While New Orleans, in general, ranks high in terms of its culinary offerings, in the past the city was not known for its barbecue – especially when compared to more well-known barbecue locales in Texas, Alabama, the Carolinas and others. But that has changed: Now the city is filled with plenty of authentic barbecue options that have taken the shape of pop-ups, casual neighborhood joints, eateries infused with an upscale sensibility, and late-night bar food menus. Barbecue is ubiquitous and what’s considered “the best” is extremely subjective, but here are five of our favorite spots to get you started on your New Orleans barbecue journey.

Barbecue and sides at McClure’s (photo: Paul Broussard)

Top 5 New Orleans Barbecue Spots

NOLA Smokehouse

What started as a pop-up at a PJ’s Coffee on Magazine Street is now housed in an unassuming corner spot on Jackson Avenue. While NOLA Smokehouse is now a brick and mortar, a pop-up’s sense of impermanence remains: It’s only open Thursday-Sundays, and a lot of the meat sells out not soon after the 11 a.m. opening time. The thing worth getting here early for is the burnt ends – crispy, fatty pieces of brisket, a hallmark offering of a serious barbecue spot that you definitely couldn’t find in New Orleans’ barbecue-bereft days.

Shortall’s Barbecue at Twelve Mile Limit

Twelve Mile Limit is one of those bars that has a dream-like combination of offerings: affordable craft cocktails, a Sunday brunch with a build-your-own biscuit option, free food and a comedy open mic on Mondays, and – with board games and posters of indie rock bands on the wall – a vibe similar to a hip, post-grad male’s apartment. The bar also serves delicious barbecue till late at night. The creamy mac and cheese is a required side item, and for dessert make sure to get a perfectly sweet, moist mini cake from Debbie Does Doberge.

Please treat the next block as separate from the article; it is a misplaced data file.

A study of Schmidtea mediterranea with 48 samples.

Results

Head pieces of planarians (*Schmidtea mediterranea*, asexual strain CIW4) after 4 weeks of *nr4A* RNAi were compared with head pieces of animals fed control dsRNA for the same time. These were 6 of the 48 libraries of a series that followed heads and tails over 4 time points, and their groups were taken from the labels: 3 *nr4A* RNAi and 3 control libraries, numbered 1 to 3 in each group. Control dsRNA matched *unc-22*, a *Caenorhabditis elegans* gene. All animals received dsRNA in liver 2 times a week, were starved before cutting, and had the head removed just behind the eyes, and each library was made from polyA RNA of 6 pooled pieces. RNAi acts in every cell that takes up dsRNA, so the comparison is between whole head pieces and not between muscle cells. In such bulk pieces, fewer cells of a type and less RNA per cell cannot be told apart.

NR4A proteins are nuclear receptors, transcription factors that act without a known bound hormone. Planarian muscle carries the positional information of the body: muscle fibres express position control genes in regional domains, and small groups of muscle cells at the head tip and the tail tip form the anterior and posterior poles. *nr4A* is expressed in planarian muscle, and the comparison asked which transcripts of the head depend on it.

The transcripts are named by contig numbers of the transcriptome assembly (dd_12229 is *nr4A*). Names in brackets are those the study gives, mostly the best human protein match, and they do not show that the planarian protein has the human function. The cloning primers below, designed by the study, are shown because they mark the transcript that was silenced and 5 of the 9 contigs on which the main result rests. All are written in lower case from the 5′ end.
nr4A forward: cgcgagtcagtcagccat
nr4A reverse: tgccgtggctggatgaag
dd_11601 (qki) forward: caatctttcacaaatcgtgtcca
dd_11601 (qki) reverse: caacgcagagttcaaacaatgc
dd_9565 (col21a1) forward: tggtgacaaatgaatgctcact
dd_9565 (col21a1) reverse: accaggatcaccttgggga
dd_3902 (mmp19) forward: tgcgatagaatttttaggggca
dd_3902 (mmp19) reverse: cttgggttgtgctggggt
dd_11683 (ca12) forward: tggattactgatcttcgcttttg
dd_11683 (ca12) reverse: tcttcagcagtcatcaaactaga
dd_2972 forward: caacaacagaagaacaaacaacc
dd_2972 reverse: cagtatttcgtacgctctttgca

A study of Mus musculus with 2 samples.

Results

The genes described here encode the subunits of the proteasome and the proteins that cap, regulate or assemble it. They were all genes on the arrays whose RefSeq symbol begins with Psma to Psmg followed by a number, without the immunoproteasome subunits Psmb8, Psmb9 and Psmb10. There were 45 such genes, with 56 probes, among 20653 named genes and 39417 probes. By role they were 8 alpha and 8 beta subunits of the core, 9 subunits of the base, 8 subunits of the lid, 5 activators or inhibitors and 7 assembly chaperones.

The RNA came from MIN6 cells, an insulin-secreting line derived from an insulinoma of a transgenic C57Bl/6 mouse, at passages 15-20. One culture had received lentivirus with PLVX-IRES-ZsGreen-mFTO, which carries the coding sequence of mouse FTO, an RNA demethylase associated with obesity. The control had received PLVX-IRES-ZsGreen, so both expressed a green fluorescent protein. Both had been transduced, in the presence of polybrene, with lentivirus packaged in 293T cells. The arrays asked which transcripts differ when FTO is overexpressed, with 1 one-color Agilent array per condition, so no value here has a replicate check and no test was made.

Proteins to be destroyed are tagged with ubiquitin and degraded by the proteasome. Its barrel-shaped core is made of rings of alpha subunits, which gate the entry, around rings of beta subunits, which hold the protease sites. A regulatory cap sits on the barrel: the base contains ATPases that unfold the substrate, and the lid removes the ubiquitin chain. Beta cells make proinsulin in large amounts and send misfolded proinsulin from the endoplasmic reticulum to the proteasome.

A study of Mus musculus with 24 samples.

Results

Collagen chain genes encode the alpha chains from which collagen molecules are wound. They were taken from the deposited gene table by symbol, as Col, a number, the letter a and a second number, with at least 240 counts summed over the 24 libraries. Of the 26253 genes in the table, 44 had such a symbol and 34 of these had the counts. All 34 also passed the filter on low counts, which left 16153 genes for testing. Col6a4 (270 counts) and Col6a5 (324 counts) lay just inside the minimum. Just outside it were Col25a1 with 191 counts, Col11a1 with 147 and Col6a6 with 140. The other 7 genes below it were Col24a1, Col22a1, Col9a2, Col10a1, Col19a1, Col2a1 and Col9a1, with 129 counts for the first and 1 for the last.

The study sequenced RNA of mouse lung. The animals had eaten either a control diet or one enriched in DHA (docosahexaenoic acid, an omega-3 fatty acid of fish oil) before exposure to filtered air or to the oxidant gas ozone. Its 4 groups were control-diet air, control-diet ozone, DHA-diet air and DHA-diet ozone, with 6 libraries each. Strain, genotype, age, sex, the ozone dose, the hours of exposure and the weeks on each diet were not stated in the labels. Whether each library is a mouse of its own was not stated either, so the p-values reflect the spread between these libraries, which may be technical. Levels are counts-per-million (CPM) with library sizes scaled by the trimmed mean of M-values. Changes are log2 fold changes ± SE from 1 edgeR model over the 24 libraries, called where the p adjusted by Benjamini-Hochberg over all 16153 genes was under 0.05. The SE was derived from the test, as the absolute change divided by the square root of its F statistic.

The Joint is an eclectic barbecue spot in the Bywater. (Photo: Paul Broussard)

The Joint

A classic in the Bywater, the Joint was the beacon of light in New Orleans’ barbecue dark days and still remains a local favorite and is frequently acclaimed in national press. The brisket here is perfectly tender, and one sandwich features locally made chaurice sausage smoked in the restaurant’s backyard. The mac and cheese here also proves a worthy side item, and be sure to save room for the decadent peanut butter cream pie.


If you’re one of those diners who appreciates variety when it comes to condiments, McClure’s sauce selection alone makes it a must-stop. Options at the Magazine Street spot (another former pop-up) include traditional barbecue sauces representing different states’ barbecue traditions (the mayonnaise-based Alabama sauce is a unique offering), plus the Asian-inspired NO East sauce that includes hoisin and soy sauce. Another offering for the indecisive diner is the All Meats, All Sides option, which features a little bit of everything and is built for sharing. This is a place where you really can have it all.

You can find the cochon de lait poboy from Jazz Fest at Walker’s all year round. (Photo: Widen Collective)

Walker’s Barbecue

Going to Walker’s does involve a bit of a trek, but it is certainly worth it. The draw here is that it’s the year-round home to the peppery cochon de lait po-boy that’s served at the New Orleans Jazz and Heritage Festival. This is another place that tends to sell out, so be sure to get here early. You can also get typical barbecue offerings and while you’re out in New Orleans East, be sure to get in touch with nature.

Can’t get enough of New Orleans barbecue? Be sure to add the Crescent City Blues & BBQ Festival to your calendar. The free event, held Oct. 17-19, features music by some of the city’s best blues artists and more than a dozen barbecue vendors at Lafayette Square.